War Surgery and Medicine
FOR sick and wounded prisoners of war captured in Greece and Crete the major part of the clinical work, especially surgery, was performed in the early months at Kokkinia hospital, Piraeus, Athens. This hospital was opened on 9 May 1941 in a large American orphanage, only just completed, and was staffed by Australian, British, and New Zealand medical personnel. By early June the admissions to the hospital totalled 2038, made up as follows: from 5 Australian General Hospital, Ekali, 91; from 26 British General Hospital, Kephissia, 290; from Corinth and Kalamata hospitals, 260; from Crete, 1397.
At Corinth from 27 April Captain Slater and other New Zealand medical officers ran a hospital of 120 beds in the Ionian Palace Hotel. The medical officers were able to do dressings and simple surgical procedures, but cases requiring major surgery were transferred to the local Greek hospital or to a German military hospital. Most wounds were infected, one with gas gangrene, and the medical conditions included dysentery, but there were remarkably few deaths in the two weeks this hospital operated, despite the appalling lack of medical and sanitary facilities and the small amount of food. Some medical supplies were made available from the local Greek hospital. At Kalamata, in the south of Greece, Major G. H. Thomson, NZMC, and British medical officers set up a hospital in a hall.
In Crete the wounded were treated by the medical officers captured with their patients. Those from units near Maleme airfield were concentrated in the Tavronitis valley. Farther back near Canea Captain Ballantyne treated the wounded in his ADS, as did 7 General Hospital and Australian, British, and New Zealand medical staffs at the sites where seriously wounded were gathered on the road to Sfakia. The medical officers did all that their limited equipment would allow. By 23 May the RMOs of 5 Brigade, first Captain Longmore, then Captains Stewart and Hetherington, had joined up with Flying Officer T. Cullen, RAF, and staffed a dressing station in the Tavronitis valley. They worked in a stable attached to an inn. The German medical officers were overworked and were willing to let the captured medical officers page 461 set up their own dressing station for their own wounded with such equipment as the Germans could spare. At the dressing station some 700 cases were put through, with only seven deaths, before the wounded were taken by plane to Athens.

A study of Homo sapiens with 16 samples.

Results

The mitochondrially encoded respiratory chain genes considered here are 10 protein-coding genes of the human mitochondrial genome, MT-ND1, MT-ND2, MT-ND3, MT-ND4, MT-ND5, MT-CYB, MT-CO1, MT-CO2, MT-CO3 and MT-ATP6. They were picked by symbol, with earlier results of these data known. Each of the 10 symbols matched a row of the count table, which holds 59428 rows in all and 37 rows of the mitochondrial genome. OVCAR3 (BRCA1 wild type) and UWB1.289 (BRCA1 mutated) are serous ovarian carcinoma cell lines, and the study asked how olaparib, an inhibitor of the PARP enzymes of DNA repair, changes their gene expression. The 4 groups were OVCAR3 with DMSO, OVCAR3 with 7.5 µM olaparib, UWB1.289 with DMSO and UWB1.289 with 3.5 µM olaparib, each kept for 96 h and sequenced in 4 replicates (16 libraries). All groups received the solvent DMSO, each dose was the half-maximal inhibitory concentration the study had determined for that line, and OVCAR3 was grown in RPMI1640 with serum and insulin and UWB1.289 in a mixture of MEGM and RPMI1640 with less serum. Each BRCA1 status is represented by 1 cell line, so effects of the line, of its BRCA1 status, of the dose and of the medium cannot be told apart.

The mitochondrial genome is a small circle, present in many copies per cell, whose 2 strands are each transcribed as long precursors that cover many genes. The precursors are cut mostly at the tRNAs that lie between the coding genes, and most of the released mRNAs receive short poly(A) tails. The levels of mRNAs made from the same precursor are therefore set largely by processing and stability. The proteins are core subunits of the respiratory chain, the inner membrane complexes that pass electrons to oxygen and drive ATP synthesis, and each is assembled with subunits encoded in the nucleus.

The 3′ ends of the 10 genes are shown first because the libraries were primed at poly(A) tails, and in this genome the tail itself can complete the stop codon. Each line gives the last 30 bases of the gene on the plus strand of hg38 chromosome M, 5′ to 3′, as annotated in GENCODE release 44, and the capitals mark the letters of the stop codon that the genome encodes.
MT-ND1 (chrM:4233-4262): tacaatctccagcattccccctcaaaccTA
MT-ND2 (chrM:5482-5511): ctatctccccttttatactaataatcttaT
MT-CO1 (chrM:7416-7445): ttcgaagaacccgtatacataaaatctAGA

At Ballantyne's ADS near Canea eight patients died of gas gangrene and others of abdominal wounds for whom little could be done. The Germans were generally helpful with equipment, and in arranging early transfers to Kokkinia hospital in Greece. At Lieutenant-Colonel Bull's emergency dressing station at Neon Khorion, four of the 46 wounded died. The Germans were slow to provide medical and surgical necessities. The patients were moved to Maleme on 7 June and then to Greece.
For the sick from the main crowded prisoner-of-war camp near Galatas Lieutenant-Colonel Bull organised a 200-bedded camp reception hospital, and cases included dysentery, malaria, poliomyelitis, diphtheria, catarrhal jaundice, and malnutrition. Between 9 June and 23 September there were 1212 admissions with 23 deaths. (Of the 402 New Zealanders admitted 4 died.)